Working with dates in dashdash

Overview

When you’re working with APIs and different data sources, you’ll notice that everyone wants something in just a slightly different way - and it can lead you to some hair pulling. Naturally, it’d be much easier if you could do it programmatically, right? Well, luckily for you, dashdash has got you covered. Today, we’ll talk about our time functions, how to use mathematical operators with dates, and also how to create date ranges so that your API queries are as precise as you need them to be.

Date Functions

Dashdash currently has the following time functions:

Function Description
DAY() Get the day from a date.
MONTH() Get the month from a date.
YEAR() Get the year from a date.
DATE() Create a date using a year, month, and date.
TODAY() Get today’s date in YYYY-MM-DD format.
NOW() Get the current time and date (a timestamp).

So I’m guessing it’s pretty simple why you might need to use NOW() or TODAY(), but in what case would you need to use DAY(), MONTH(), and YEAR()?

Well, they’re great to use when you need to compare one aspect of the date. For example, if you want to see two companies got funding in the same month of a year, it doesn’t make sense to compare the full dates. Instead, you can use MONTH() and YEAR() to extract those to parameters and compare them.

If you want to see a real-world example, you should definitely check out our Slack template for automating birthday messages. We use it to evaluate whether the month and day are the same as the current date, and if it is, we send a birthday message on Slack.

Using operators with dates

You can use certain mathematical operators with dates, like greater than (>) or less that (<), which is very handy when working with APIs. For example, using the SEARCH_COMPANIES_BY_FOUNDER_EXITS_CRUNCHBASE() function you might want to get all companies that were founded after 2015 (>2015) and were sold before and including the year 2017 (<=2017):

=SEARCH_COMPANIES_BY_FOUNDER_EXITS_CRUNCHBASE("New York",">2015",">500000","<=2017")

Here’s a list of the operators you should know when it comes to working with dates:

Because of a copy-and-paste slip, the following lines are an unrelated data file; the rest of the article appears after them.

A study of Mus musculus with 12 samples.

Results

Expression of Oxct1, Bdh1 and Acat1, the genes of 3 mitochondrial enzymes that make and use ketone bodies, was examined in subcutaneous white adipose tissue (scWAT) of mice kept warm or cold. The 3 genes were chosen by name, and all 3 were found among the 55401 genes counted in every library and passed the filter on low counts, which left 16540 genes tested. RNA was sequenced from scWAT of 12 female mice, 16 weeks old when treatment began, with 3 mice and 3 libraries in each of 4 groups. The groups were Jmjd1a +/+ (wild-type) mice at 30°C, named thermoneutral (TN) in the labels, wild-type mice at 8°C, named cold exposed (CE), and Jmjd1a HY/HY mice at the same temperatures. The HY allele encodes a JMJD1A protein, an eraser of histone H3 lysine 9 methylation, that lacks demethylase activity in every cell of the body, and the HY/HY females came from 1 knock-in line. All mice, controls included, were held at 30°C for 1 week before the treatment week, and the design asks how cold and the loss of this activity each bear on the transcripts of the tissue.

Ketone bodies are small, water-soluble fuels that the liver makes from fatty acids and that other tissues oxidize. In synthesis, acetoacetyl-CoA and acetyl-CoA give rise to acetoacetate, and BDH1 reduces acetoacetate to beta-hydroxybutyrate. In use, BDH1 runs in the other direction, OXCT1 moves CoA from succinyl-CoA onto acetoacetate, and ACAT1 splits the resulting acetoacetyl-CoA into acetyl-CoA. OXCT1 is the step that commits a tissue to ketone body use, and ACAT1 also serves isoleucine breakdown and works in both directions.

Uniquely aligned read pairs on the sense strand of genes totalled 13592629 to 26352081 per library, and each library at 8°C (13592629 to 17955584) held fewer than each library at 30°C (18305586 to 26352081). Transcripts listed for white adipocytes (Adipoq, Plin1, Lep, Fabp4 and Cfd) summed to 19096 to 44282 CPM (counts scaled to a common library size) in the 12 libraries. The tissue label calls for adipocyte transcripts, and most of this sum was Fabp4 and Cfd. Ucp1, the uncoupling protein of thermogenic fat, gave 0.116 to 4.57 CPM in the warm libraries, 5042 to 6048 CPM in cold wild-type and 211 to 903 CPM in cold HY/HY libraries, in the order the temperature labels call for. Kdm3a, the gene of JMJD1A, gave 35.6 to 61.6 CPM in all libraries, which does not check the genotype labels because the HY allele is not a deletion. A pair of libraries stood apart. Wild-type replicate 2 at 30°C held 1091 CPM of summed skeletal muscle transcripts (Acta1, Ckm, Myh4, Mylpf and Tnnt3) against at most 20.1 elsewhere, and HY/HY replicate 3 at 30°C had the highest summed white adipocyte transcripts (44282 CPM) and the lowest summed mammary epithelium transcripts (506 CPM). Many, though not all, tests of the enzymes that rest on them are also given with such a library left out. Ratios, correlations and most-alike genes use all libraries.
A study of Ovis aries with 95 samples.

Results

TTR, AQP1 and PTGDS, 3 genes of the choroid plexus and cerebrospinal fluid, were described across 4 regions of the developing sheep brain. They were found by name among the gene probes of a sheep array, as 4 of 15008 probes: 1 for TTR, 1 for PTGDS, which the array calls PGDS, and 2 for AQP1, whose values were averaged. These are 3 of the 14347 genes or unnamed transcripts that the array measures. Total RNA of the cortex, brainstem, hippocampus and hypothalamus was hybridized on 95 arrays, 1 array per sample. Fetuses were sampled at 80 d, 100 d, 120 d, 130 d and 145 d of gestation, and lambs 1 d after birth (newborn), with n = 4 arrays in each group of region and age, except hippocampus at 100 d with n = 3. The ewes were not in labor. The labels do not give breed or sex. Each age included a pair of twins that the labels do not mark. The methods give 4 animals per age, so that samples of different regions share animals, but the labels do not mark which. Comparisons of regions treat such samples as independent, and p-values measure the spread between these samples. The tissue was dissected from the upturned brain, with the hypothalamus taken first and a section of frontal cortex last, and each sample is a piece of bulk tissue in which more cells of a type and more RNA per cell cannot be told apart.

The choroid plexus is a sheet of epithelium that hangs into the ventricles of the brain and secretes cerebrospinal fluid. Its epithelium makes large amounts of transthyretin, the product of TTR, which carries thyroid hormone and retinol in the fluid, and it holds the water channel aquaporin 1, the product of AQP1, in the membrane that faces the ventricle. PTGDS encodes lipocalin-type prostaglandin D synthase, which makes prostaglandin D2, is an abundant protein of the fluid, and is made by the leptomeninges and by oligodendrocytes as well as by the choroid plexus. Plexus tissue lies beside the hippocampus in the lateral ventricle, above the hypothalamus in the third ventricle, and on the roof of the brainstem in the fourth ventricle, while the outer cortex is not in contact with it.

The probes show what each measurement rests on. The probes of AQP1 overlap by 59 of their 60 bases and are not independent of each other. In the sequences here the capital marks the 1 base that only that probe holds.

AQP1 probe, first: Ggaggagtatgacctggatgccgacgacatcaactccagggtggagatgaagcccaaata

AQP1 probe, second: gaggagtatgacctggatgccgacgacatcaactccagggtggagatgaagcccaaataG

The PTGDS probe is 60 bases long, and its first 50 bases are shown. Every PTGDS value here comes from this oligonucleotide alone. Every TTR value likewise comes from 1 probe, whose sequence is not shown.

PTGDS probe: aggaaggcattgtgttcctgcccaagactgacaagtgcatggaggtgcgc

Operator “Date” definition
> After this date.
>= After and including this date.
< Before this date.
<= Before and including this date.

Date ranges

Lastly, sometimes you might want to include a date range, that is, from one date until another date. For example, from 2015 till 2020. To do this, you need to enclose the dates in square brackets [], and use a semicolon to separate the start and end date. For example: [2015;2020]

And putting it into practice again, let’s have a look at the Crunchbase function from before, but modify it to say that we want companies founded between 2010 and 2015:

=SEARCH_COMPANIES_BY_FOUNDER_EXITS_CRUNCHBASE("New York","[2010;2015]",">500000","<=2017")

:memo: Note: Working with dates in APIs.

When you enter a date into a cell, or when you create a date using one of our data functions, dashdash converts into a date format. Which makes complete sense. However, when you reference that cell as an integration parameter, the date is passed as a numerical value, and not as a string (in other words, it gets passed as a long number, and not as the date you want). So what should you do then? Well, just use TO_TEXT() before referencing that cell, and it’ll be formatted perfectly :slightly_smiling_face: smile:. For example:

TO_TEXT(DATE(2020,01,01))

Summary

And now, equipped with the knowledge of date functions, operators, and ranges, you can build more timely applications :clock:. Now, get out there and build :rocket:!